The Washington Post logoThe Washington Post 1/16/2018 Fred Barbash



On Monday, state officials released an image of that menu, provided to The Post by Hawaii News Now, and it shed some light on why it might be confusing.

a screenshot of a cell phone © Hawaii Emergency Management Agency via Hawaii News Now/

The menu, which triggers alerts, contains a jumble of options, ranging from Amber alerts to Tsunami warnings to road closures. Some of them, such as “High Surf Warning North Shores,” are in plain English.

Others, including the one for a missile attack, “PACOM (CDW)-STATE ONLY,” use shorthand initials. (PACOM refers to the United States Pacific Command based in Hawaii.)

And the menu contained no ballistic missile defense false alarm option — which has now been added at the top of the image, marked up by officials for explanatory purposes.

a close up of text on a white background: A screen capture from a Twitter account showing a missile warning for Hawaii on Jan. 13. in this picture obtained from social media. (Courtesy of Twitter @wpugh/via Reuters) © Provided by WP Company LLC d/b/a The Washington Post A screen capture from a Twitter account showing a missile warning for Hawaii on Jan. 13. in this picture obtained from social media. (Courtesy of Twitter @wpugh/via Reuters)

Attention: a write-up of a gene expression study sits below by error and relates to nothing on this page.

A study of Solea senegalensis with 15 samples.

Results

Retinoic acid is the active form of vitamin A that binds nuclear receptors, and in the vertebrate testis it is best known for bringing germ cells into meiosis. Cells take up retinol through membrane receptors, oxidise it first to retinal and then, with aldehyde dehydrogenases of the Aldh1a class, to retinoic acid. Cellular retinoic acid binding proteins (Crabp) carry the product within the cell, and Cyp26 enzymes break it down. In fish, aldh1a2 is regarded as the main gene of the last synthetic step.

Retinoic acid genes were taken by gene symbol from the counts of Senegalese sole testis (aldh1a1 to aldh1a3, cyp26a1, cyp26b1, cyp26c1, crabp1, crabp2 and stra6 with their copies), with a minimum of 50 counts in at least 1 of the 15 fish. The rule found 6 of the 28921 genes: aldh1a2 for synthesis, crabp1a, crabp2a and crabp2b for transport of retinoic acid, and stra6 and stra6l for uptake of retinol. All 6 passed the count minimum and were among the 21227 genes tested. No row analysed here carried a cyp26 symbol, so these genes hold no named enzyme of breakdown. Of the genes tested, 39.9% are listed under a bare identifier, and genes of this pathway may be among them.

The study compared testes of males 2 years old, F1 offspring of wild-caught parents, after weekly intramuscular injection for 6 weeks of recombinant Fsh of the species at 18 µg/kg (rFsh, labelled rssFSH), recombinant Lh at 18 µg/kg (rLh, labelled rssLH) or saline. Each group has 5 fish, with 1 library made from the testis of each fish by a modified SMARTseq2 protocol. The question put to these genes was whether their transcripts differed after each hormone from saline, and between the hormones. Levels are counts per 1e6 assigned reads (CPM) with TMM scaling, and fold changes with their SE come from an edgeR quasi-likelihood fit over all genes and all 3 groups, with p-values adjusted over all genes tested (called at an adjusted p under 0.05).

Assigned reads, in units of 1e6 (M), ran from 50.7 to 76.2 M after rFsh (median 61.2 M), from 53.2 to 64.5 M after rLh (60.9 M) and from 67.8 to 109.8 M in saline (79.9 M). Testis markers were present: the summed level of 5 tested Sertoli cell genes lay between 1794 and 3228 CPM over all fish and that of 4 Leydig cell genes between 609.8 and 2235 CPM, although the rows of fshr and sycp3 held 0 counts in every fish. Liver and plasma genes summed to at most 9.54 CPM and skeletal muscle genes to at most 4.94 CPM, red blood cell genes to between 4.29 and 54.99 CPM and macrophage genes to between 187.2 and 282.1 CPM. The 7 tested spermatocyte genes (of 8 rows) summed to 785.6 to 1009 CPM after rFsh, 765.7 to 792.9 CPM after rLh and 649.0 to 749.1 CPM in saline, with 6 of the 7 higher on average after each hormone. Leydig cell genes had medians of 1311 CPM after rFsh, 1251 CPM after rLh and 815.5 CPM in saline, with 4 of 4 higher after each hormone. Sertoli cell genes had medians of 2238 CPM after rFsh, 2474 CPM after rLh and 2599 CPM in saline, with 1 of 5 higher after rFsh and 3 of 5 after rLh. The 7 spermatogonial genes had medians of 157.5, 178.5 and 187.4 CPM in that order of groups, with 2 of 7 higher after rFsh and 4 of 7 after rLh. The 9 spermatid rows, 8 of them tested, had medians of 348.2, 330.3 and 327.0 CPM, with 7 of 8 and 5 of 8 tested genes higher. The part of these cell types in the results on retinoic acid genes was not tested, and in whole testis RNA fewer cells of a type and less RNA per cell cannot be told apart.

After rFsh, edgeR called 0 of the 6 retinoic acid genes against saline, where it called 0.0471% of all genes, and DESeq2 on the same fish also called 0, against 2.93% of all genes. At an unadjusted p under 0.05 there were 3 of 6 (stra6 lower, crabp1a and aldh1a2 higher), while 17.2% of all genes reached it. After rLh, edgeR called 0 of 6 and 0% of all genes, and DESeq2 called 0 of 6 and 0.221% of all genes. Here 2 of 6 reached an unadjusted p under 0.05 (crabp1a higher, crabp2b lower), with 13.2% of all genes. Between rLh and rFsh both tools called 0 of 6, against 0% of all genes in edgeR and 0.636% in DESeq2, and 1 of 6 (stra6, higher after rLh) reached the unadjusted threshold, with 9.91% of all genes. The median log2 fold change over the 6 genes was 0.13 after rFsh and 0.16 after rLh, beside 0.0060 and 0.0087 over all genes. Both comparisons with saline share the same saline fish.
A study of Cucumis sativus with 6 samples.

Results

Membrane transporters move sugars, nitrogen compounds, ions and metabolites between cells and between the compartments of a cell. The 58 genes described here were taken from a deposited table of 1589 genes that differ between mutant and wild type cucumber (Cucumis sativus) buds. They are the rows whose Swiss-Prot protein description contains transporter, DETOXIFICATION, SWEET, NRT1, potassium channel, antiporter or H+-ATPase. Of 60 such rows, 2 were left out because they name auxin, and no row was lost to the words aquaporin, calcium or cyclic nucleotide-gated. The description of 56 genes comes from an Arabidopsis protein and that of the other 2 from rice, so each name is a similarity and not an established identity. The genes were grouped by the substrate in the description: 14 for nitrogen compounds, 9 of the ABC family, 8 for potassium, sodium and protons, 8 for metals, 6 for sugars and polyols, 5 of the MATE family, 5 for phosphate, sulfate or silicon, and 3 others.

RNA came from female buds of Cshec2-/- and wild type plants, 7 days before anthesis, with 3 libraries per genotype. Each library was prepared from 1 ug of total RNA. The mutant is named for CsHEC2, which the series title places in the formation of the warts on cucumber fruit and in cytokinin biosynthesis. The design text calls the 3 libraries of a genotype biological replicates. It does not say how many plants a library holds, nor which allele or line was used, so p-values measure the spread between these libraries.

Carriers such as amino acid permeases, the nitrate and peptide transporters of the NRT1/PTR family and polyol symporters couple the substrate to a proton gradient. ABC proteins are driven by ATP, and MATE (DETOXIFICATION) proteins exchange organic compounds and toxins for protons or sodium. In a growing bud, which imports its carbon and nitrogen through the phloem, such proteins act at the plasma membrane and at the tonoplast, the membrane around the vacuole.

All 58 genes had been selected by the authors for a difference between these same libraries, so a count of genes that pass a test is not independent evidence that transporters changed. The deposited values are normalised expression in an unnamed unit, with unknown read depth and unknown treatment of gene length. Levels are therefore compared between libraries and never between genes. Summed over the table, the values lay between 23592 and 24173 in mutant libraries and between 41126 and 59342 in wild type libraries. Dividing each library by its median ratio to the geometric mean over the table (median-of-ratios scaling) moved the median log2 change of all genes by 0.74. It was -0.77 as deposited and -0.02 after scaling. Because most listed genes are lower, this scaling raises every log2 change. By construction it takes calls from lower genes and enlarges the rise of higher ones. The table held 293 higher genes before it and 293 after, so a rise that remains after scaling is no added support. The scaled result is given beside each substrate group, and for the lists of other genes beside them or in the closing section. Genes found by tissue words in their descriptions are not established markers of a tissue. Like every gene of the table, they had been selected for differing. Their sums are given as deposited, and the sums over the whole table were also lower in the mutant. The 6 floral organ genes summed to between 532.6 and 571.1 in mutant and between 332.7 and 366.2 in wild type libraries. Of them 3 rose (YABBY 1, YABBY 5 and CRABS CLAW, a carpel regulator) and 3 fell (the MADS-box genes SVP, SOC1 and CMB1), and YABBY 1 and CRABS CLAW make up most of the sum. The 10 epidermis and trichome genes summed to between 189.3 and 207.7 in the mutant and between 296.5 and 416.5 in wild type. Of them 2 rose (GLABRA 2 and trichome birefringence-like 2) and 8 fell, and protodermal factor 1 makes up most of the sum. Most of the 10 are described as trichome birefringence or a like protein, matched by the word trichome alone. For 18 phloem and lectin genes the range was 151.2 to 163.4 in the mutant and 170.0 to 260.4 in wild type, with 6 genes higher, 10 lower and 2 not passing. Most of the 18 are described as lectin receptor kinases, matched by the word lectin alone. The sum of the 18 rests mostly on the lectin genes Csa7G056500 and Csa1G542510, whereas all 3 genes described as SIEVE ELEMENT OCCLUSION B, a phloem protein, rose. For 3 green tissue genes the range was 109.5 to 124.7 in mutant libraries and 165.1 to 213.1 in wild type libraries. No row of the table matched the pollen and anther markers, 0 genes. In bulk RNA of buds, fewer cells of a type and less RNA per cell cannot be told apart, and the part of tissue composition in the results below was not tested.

Not until 38 minutes after the warning went out did the state issue a correction. Various officials and news organizations beat the state to the “false alarm” message using Twitter and other social media.

“I wish I could say there was a simple reason for why it took so long to get the correction to the false alert out,” Hawaii Gov. David Ige (D) said in an unusual broadcast address to the state Monday evening.

Meanwhile, thousands of residents of Hawaii and tourists freaked out.

a sign on the side of a road: A highway median sign broadcasting the message, “There is no threat,” in Kaneohe, Hawaii on Jan. 13. (Jhune Liwanag via AP) © Provided by WP Company LLC d/b/a The Washington Post A highway median sign broadcasting the message, “There is no threat,” in Kaneohe, Hawaii on Jan. 13. (Jhune Liwanag via AP)

“Children going down manholes, stores closing their doors to those seeking shelter and cars driving at high speeds cannot happen again,” Ige said.

Ige, in his speech, deplored the fact that employees of the emergency management agency were getting death threats since the events of Saturday. “I will not stand for scapegoating management personnel when a number of unfortunate errors cause this event,” he said.

Ige also announced that he was appointing Brig. Gen. Kenneth S. Hara, who is Deputy Adjutant General in Hawaii, to oversee “a comprehensive review of the state’s emergency management enterprise.”

Meanwhile, Reuters reported that Japanese broadcaster NHK issued a false alarm about a North Korean missile launch Tuesday but corrected the error within minutes.